When Super Bowl MVP quarterback Mark Rypien lost his 3-year-old son, Andrew, he grieved a thousand things, one of which was this: He'd never get to watch him play football.
Fast forward to this coming Friday night, when he will pace, fritter and sweat watching another one of his kids play quarterback -- his daughter.
Six-foot-tall Angela Rypien, 21, is the starting quarterback for the Seattle Mist in something called the Lingerie Football League, a kind of half-strip-show, half-football MTV concoction that actually involves serious football, if you can get past the thongs, garter belts and rug burns.
"I didn't want to see my daughter playing football in, basically, her underwear," says Rypien, now 49. "But she loves it, she's great at it, and it keeps her healthy. It's just unfortunate that the lingerie thing is what the league initially has to do to get it off the ground."
Sure … initially.
"The first time my dad saw me in my uniform, it was, well, awkward," says Angela Rypien, who threw for three touchdowns and no interceptions in her lingerie … debut, a 42-8 undressing of Green Bay. "But it's nothing different than if we'd gone to the beach that day. Actually, I probably wear more than if I was at the beach."
That's true. LFL players don't just wear lingerie. They wear a kind of lacrosse helmet and shoulder pads, too. And they're not wearing Free Spirit heels, either. They're wearing rubber cleats.
In fact, in the Mist's opening win, Rypien's dad was able to look past the Victoria's Secret getups and become what you'd expect -- an over-involved parent. Angela got tackled in the first quarter and punched the woman who did it to her, drawing a 15-yard unsportswomanlike penalty.
Rypien marched down from his seat, onto the sideline, took his daughter by the shoulder pads and scolded, "If you EVER do that again, I'll personally come down on this field and pull you out of the game!"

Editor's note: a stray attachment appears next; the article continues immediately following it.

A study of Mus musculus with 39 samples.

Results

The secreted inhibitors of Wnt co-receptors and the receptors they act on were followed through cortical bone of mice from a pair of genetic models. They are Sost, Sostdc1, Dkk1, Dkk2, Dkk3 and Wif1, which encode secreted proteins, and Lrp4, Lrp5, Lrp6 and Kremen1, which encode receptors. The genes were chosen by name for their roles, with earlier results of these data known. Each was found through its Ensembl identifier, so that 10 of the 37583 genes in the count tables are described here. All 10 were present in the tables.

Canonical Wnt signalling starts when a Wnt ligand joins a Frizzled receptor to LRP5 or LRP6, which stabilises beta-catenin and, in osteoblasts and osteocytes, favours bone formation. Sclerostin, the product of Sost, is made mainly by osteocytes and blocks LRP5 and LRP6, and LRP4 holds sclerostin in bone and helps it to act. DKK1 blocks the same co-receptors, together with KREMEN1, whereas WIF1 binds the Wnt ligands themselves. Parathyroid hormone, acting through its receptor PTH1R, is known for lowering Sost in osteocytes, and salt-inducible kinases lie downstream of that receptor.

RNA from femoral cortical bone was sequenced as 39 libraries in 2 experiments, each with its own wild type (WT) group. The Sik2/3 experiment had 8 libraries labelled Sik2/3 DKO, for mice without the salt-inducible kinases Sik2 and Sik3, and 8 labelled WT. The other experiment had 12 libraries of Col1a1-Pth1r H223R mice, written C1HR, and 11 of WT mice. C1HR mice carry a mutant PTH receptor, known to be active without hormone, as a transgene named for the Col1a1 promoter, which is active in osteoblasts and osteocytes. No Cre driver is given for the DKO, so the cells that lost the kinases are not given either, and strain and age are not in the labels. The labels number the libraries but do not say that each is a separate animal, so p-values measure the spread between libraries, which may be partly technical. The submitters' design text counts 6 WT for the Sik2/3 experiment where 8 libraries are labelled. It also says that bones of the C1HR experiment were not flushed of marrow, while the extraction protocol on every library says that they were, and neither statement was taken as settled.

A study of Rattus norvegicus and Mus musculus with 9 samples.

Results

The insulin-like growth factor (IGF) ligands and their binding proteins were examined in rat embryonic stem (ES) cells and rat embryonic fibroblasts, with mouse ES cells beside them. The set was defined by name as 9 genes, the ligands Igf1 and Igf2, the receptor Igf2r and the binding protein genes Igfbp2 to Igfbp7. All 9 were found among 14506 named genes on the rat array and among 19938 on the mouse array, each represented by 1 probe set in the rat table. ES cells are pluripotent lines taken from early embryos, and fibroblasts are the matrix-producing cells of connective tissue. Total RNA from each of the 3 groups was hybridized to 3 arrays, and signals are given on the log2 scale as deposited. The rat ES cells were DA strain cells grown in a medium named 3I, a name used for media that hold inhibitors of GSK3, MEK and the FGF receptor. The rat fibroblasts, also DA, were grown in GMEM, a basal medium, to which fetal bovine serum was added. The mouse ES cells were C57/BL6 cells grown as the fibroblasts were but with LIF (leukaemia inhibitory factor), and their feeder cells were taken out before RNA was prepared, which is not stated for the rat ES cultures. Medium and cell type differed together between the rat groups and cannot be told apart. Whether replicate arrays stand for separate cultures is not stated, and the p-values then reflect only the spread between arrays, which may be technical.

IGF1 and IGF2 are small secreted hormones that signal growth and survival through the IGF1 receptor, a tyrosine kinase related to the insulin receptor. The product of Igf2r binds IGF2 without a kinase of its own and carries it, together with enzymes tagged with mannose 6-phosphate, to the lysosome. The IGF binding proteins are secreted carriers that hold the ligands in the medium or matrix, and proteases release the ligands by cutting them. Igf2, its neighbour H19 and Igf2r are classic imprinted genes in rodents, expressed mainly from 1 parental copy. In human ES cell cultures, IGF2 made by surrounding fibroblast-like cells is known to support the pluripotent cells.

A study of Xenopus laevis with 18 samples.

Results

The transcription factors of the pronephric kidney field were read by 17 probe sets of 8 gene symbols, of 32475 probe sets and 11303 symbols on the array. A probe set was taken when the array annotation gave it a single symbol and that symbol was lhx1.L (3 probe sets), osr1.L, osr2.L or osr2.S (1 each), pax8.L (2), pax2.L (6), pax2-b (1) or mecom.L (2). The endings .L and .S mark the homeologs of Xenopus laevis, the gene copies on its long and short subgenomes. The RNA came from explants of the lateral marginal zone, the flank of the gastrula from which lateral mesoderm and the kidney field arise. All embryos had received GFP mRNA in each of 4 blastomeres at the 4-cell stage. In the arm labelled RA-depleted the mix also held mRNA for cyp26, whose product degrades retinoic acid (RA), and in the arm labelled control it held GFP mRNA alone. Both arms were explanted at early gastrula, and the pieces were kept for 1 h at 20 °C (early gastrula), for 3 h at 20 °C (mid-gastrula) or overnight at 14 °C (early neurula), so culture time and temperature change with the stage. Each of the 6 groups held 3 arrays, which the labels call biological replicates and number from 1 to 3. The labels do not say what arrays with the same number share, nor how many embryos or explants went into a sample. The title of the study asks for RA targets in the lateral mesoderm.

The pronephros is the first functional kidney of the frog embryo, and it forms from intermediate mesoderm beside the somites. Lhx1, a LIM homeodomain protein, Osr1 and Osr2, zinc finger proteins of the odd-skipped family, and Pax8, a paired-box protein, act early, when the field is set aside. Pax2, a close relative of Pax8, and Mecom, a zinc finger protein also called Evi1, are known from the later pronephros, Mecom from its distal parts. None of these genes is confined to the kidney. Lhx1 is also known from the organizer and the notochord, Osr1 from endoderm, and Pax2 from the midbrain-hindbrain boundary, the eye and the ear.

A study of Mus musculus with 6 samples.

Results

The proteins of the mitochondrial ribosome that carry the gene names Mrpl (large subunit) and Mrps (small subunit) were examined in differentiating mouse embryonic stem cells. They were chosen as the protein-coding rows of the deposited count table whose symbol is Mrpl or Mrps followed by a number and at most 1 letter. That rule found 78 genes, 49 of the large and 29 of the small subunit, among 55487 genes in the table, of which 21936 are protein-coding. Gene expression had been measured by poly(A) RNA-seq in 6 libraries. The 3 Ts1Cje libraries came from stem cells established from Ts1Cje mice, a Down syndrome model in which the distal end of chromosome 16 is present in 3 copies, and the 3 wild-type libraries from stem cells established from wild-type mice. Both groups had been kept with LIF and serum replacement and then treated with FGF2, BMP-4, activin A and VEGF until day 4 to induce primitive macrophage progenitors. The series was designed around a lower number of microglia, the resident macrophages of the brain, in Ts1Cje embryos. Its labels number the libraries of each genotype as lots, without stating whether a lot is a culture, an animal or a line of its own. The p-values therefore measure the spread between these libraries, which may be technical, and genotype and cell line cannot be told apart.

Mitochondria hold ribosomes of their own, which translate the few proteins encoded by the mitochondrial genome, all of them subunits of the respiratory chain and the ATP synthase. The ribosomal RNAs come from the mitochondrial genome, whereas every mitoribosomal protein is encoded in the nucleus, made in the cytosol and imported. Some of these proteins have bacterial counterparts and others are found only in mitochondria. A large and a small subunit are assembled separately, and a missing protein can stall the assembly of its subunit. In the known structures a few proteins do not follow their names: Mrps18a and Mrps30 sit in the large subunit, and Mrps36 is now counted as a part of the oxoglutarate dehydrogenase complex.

"I'm in as much danger of doing stupid things as the next fan," Mark Rypien admits.
When he calmed down, he began to realize that, in some ways, his daughter is better at this than he was. "She's more mobile," he says. "More athletic. She moves away from trouble. Then again, she doesn't have The Hogs in front of her."
Not a nickname that's ever going to catch on in women's football, by the way.
Angela isn't the only LFL player from royal football genes. The Tampa Breeze's starting running back is Courtney Wilder, daughter of former Pro Bowl Tampa Bay Buccaneers running back James Wilder.
"He doesn't care too much for the uniform, either," emails Courtney, who has three TDs in three games, "but he knows how much I enjoy the game, and he's happy to see me happy."
You hope it makes her happy because she doesn't get a dime for getting crushed in her skivvies. They play for free. Angela is a stylist in Seattle, and Courtney, who also plays some linebacker, is a program manager for youth charities.
"They're talking about paying us next year," Angela says.
Sure … next year.
Believe it or not, I played on a women's pro football team for a week -- the San Diego Scorpions -- for my book, "Sports from Hell." Female football players have problems male football players do not. For instance, one linebacker was called into her human resources office at work and faced a panel of concerned co-workers.
"We see the bruises, Jessica," they said. "You can tell us. Is there violence at home?"
"I've heard all kinds of things," says Angela, a single mother of a 2-year-old. "How I'm belittling myself. How I'm taking away from the name my dad built up. How I'm disrespecting my family. But my dad taught me at a young age not to worry about what other people say."
Besides, Angela was born to do this. When she was 10 and her dad was a backup on the 2001 Indianapolis Colts, Peyton Manning would watch her on walk-through Saturdays while Rypien took his turn. "I used to try and hide in Edgerrin James' locker," she admits. Her whole life, she's treated people like Aaron Rogers and Doug Williams as uncles. One of her closest friends -- and now unpaid advisers -- is former Washington State QB Ryan Leaf.
For her dad, it's a part of his life he thought he'd lost when his son Andrew died as a toddler of a brain tumor. Now Angela is playing not-quite-pro football and his other daughter, Amber, works at Under Armour after spending four years as a secretary's assistant in Nick Saban's office at Alabama. (She made playbooks.)
"You kind of think when your son is born, 'Yeah, my boy's gonna get out there and start knocking people around, his life is going to revolve around sports,'" Rypien says, wistfully. "But it turned out to be my daughters. Crazy."
Feel like taking a detour from sane sports? Try Rick's latest book, "Sports from Hell."